Two-thirds of the UK’s top 100 e-commerce sites are happy for their users to protect their account with feeble passwords such as “password” or “123456”. Two-thirds also allow more than 10 failed password attempts, while 60% don’t offer any advice on choosing strong passwords during their account setup process.
By Dashlane’s reckoning, UK sites come out ahead of French ones in all password security measures, but lag behind US sites in most categories.
The UK leads only in blocking access after four failed attempts – a fairly small lead with 15% of top sites compared to 8% in the US and 5% in France – and rejecting previously-used passwords (40% compared to 30% in the US and 9% in France).
The study involved signing up to all the top online shopping sites in the UK, as reported by the IMRG-Experian Hitwise Hot Shops List published by Digital Strategy Consulting in June 2013.
Details of the password selection stage of the sign-up process, plus password resetting and response to repeated failed login attempts, were rated against a complex wishlist of sensible practices, with a positive or negative score given for complying or failing to implement each step.
Total scores spanned from a maximum of +100 for the best performers to -100 for those with the shoddiest practices. Full details of the ranking approach can be found in Dashlane’s detailed methodology document.
The only service scoring the maximum +100 is Apple, who clearly deserves a commendation for its thoroughness. Also doing well are hotel chains Travelodge (+95) and Premier Inn (+90), and DIY chain B&Q (also on +90).
No-one else scored above +65, and only 37% of the sites surveyed managed a positive score.
The worst offenders
Top names doing a poor job include Amazon UK, Amazon.com, John Lewis and Debenhams, all rated in the top ten in terms of turnover but scoring negative numbers for their password policies.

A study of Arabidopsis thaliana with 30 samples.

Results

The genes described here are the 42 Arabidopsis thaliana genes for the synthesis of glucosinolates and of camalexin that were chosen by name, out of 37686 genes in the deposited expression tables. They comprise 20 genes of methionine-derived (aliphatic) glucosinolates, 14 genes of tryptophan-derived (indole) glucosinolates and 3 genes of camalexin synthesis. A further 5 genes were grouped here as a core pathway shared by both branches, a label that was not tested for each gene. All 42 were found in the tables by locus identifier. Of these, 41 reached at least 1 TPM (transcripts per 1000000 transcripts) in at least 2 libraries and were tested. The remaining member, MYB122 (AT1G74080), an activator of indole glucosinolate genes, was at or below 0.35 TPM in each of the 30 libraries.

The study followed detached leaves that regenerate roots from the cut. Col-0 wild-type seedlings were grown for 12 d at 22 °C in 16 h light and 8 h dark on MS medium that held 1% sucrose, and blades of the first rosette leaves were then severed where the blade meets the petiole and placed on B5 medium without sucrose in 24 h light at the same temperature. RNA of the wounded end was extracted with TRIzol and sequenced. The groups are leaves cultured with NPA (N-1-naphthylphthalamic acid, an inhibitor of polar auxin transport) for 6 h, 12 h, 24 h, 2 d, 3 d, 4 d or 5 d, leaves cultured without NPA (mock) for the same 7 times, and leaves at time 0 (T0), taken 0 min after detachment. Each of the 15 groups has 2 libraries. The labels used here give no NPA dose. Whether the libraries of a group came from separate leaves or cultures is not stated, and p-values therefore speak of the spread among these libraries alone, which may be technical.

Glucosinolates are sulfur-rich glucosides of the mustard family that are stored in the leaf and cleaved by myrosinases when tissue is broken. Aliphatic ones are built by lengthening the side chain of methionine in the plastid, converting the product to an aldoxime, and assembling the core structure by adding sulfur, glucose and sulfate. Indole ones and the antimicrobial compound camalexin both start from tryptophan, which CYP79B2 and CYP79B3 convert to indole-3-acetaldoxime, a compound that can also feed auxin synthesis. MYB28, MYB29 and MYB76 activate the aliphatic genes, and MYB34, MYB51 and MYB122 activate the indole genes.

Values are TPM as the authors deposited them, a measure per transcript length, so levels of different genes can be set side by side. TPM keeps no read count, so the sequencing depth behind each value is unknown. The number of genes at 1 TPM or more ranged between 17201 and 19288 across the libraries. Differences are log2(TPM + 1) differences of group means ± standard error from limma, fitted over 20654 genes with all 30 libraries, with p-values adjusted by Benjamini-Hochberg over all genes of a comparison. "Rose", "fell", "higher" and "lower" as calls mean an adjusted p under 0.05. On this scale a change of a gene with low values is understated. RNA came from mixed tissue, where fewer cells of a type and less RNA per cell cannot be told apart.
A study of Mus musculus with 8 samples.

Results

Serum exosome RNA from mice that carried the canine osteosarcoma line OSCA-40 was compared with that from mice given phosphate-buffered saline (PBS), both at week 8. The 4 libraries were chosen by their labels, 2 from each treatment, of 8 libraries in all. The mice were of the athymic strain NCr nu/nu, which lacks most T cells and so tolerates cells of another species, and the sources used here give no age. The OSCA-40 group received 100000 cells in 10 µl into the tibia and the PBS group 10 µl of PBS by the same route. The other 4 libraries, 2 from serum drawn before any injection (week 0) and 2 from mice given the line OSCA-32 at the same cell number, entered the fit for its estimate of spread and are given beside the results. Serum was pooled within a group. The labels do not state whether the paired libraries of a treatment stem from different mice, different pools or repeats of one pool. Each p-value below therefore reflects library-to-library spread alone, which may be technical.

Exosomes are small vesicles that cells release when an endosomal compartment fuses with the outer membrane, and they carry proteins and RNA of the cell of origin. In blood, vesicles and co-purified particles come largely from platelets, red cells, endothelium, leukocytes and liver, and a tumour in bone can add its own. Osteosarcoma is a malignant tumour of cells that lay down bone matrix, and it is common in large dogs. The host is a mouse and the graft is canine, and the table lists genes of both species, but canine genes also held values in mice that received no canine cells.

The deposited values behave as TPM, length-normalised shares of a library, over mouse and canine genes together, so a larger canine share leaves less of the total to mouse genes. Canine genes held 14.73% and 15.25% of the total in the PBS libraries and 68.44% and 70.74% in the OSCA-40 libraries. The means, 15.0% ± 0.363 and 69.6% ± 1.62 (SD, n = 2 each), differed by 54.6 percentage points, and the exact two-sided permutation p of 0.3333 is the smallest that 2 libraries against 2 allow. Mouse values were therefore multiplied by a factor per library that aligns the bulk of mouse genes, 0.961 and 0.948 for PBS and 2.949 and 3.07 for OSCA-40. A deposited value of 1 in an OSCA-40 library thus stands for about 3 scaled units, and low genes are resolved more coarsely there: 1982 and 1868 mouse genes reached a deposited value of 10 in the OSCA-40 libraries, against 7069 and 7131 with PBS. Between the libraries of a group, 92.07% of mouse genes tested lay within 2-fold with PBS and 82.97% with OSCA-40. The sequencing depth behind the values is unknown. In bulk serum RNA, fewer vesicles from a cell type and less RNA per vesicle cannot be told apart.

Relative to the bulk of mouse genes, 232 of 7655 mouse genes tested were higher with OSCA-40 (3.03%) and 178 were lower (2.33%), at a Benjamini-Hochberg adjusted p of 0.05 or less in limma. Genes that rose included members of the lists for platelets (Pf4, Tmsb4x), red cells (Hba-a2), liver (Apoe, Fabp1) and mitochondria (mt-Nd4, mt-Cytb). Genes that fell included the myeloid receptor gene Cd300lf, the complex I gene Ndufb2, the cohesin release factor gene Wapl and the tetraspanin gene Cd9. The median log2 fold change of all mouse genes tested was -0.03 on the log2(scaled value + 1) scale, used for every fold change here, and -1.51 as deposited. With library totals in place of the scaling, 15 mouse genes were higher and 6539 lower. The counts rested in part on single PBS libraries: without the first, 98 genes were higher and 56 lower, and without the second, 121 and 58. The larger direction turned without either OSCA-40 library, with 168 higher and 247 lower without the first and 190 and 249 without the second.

The lowest scorers include cut-price retailers such as TKMaxx, Wilkinson and Superdrug, but also more upmarket brands like Boden and Laura Ashley. These all rate a poor -50, while lowest of all at -60 is global fashion outlet Urban Outfitters.
Urban Outfitters fared slightly better in the US version of the study published in January, implying that either its UK site is less well designed or the company has actually relaxed its security in the last few months.
The poorest showings in the US list include big names such as Toys R Us, J.Crew and American Girl.
Apple was again a standout top performer with a perfect 100 and other good sites include Microsoft, Nike and, perhaps surprisingly given recent horrors, Target.
Back to the UK study though, and 79% accepted passwords of 6 or fewer characters, and 69% do not even require a mix of numbers and letters, let alone changes of case and special characters.
70% would accept “password”, 60% would be fine with “123456”.
25% were also happy (and able) to email passwords to users in plain text, showing that they are not only failing to employ proper encryption of password databases, but are also rather too trusting of email security.
Sadly the study doesn’t look at the other side of password selection policies, where some sites explicitly prevent the use of longer passphrases or special characters, a particular bugbear for those trying to maintain a solid front against poor passwords.
All this paints a rather depressing picture, but repeated naming-and-shaming might eventually jog the operators of the poor-performing sites into improving things.
While readers of this blog are, of course, well educated on sensible password selection, the mass public are unlikely to start learning to be more careful unless they are forced to do so, and these big sites are best placed to start that enforcement.
It’s in their own interest as well as that of their customers to ensure that privacy and security are given the proper attention, as any leak of data or hijacking of accounts will have a negative impact on their reputation.
So they should be enforcing minimum length and complexity requirements, ideally starting well above 8 characters. They should provide advice on how to choose good passwords as well as flagging up poor choices. And they should be ensuring password data is properly encrypted on their servers, and that brute-force attempts to guess passwords are blocked.
They should be doing all this at the very least.
As one might expect given the source, the data also pushes us towards password management tools, with most people unable to handle multiple strong passwords without some degree of recycling.
Alongside Dashlane’s own free offerings, other password managers are of course available, including LastPass, KeePass, 1Password and Roboform, plus a proliferating selection of solutions from security vendors and other software houses.